As described in “History,” planning began in 2014 for two 2015 conferences that took place in within weeks of each other, the first at the University of York and the second at the University of Illinois. Gayle Magee and Christina Bashford were my collaborators, colleagues, and friends during the planning process and in the conferences themselves, and shortly afterwards we began discussing several possibilities for publications. One, clearly, was an edited collection of essays that would draw on the conference presentations and on scholars known to us who were already active in the field. A second possibility was a special issue of a journal. And a third option was a single-authored monograph—an option that especially interested me, since I’d previously considered writing a monograph on settings of “In Flanders Fields.”
We felt we needed to move quickly, since it was very desirable that, if possible, all publications fall within the centennial period (2014–2018). A special issue could be more quickly implemented than the edited collection; and, as it happened, Gayle was about to become the general editor of American Music, published by the University of Illinois Press. It was relatively easy for her to persuade Michael Pisani, the outgoing general editor, to designate the winter 2016 issue of the journal a special issue on “Music and the Great War,” with Gayle herself serving as guest editor.
The University of Illinois Press would also be the most logical publisher for the edited collection, not only because it was the Press of the host institution for one of the conferences but because, for fifty years, its series “Music in American Life” has been the preeminent source for publications that treat American music in relation to social and political matters. Both Gayle and I knew the series editor, Laurie Matheson, well; and, as a bonus Laurie is an exceptional soprano and would be one of the performers in the lectures we devised and presented (singly and together) over the next few years. We wrote a proposal; peer reviews were positive; and a contract was signed at the start of November 2016.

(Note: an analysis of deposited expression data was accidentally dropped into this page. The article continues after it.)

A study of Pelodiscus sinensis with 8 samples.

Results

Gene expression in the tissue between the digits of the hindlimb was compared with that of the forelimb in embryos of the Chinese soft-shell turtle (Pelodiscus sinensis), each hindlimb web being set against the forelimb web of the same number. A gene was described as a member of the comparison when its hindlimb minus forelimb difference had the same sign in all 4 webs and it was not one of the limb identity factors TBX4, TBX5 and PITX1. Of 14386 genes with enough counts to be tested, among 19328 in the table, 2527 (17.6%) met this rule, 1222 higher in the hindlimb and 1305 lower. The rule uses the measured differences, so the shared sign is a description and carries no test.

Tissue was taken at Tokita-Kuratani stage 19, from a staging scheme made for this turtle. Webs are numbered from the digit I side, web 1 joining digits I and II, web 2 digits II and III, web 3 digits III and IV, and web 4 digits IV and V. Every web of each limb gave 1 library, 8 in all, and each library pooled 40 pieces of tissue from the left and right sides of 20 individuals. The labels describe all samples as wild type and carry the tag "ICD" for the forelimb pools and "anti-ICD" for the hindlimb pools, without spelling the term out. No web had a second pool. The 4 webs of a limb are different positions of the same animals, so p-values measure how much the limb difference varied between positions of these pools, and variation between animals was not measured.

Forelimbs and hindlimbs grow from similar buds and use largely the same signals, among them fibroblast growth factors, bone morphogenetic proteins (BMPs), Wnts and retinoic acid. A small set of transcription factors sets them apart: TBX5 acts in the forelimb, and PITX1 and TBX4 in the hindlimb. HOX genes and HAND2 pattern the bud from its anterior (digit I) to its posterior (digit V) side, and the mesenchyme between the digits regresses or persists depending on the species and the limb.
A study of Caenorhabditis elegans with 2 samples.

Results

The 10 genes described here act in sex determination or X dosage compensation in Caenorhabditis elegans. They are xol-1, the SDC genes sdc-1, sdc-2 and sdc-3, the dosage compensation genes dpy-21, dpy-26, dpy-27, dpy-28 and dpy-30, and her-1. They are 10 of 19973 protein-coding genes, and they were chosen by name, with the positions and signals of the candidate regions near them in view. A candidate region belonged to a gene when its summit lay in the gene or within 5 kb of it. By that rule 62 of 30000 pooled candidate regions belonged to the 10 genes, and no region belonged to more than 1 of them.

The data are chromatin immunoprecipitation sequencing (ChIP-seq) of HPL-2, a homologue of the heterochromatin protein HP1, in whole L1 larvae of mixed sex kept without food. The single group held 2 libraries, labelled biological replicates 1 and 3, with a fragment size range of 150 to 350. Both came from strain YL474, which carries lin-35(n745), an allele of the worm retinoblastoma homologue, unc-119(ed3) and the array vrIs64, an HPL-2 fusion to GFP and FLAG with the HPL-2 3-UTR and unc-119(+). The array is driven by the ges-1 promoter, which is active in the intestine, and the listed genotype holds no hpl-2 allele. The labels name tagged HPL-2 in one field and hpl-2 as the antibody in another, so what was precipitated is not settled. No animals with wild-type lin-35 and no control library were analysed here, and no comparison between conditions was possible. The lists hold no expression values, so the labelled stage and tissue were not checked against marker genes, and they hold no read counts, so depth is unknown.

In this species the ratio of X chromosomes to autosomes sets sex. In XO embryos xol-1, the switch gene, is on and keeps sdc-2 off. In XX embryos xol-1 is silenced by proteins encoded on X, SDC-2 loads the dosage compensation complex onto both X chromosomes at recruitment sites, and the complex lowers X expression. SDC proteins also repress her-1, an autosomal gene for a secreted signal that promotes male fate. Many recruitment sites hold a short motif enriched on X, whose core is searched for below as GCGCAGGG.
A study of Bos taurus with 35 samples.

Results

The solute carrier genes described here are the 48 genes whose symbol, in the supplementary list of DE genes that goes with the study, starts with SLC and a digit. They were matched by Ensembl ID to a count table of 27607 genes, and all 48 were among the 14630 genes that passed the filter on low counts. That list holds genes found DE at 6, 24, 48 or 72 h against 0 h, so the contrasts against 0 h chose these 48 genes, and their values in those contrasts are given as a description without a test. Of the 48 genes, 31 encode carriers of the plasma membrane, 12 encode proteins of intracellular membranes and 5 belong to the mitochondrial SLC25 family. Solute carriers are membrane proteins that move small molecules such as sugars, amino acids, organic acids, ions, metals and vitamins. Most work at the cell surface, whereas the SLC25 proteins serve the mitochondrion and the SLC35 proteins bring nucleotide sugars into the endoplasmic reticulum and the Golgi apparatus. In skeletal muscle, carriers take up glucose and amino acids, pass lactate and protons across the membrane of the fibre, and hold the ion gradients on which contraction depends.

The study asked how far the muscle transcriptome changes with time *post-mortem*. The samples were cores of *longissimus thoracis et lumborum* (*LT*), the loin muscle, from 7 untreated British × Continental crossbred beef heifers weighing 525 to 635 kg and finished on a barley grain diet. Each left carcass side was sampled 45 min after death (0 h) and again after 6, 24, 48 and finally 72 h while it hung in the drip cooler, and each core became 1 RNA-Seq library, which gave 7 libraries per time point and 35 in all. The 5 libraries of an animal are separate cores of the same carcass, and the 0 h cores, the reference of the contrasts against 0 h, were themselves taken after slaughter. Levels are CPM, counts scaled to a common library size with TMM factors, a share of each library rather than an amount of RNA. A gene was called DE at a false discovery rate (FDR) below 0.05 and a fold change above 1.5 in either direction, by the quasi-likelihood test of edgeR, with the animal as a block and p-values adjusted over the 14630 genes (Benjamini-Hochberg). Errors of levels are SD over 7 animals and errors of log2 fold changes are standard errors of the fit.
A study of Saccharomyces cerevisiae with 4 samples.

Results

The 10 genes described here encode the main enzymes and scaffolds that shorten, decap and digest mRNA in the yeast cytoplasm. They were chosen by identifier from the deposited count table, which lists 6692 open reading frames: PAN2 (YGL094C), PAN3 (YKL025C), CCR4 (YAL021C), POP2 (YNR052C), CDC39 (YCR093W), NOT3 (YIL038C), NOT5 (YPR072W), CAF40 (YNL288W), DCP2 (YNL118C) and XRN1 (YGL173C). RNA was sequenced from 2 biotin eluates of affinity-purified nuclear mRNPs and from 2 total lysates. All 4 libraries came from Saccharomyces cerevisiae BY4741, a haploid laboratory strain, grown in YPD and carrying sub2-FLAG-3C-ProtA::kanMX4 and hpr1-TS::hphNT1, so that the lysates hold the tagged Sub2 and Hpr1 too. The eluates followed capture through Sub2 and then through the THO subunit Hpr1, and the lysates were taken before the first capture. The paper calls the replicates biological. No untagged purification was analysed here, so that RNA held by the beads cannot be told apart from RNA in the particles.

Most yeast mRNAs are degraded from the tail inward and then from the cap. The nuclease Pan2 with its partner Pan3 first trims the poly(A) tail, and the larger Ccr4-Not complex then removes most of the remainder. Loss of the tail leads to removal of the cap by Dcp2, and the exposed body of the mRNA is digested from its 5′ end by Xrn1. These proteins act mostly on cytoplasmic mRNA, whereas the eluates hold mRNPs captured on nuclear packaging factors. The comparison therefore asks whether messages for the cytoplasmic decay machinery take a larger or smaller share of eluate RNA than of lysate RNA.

I agreed to write an article for the special issue and a chapter in the edited collection. Since I was also contemplating an eventual monograph that would focus on the music industry during the war years, I decided to use the article and chapter to provide what would become bookends for the monograph: the article would consider the Mexican War of 1914, which was in some ways a direct precursor to American engagement in the Great War; and the chapter would focus on the aftermath of the war, specifically on music concerning loss and memory.
All three of us, we agreed, would co-edit the collection; and all three of us would write a “Prelude,” “Interlude,” and “Postlude” that would frame and contextualize the individual chapters. We constructed these as a conversation among representatives of Canada (Gayle), Britain (Christina), and the United States (me), and we tagged the text with icons to make clear who was “speaking.”
In writing both the article and the book chapter, I drew extensively on the spreadsheets I had constructed for the Myers and Driscoll collections, supplementing those with additional titles discovered through copyright records, newspapers, catalogues, and similar sources. The spreadsheet underlying the article was published, in modified form, as an appendix, but the spreadsheet for the book chapter was to be available on a web companion. The creation of that has been delayed, but I supply below both of the spreadsheets, with also three color images cited in the chapter text but not included. The book Over Here, Over There is available from the University of Illinois Press; the article is available in digital form on JSTOR.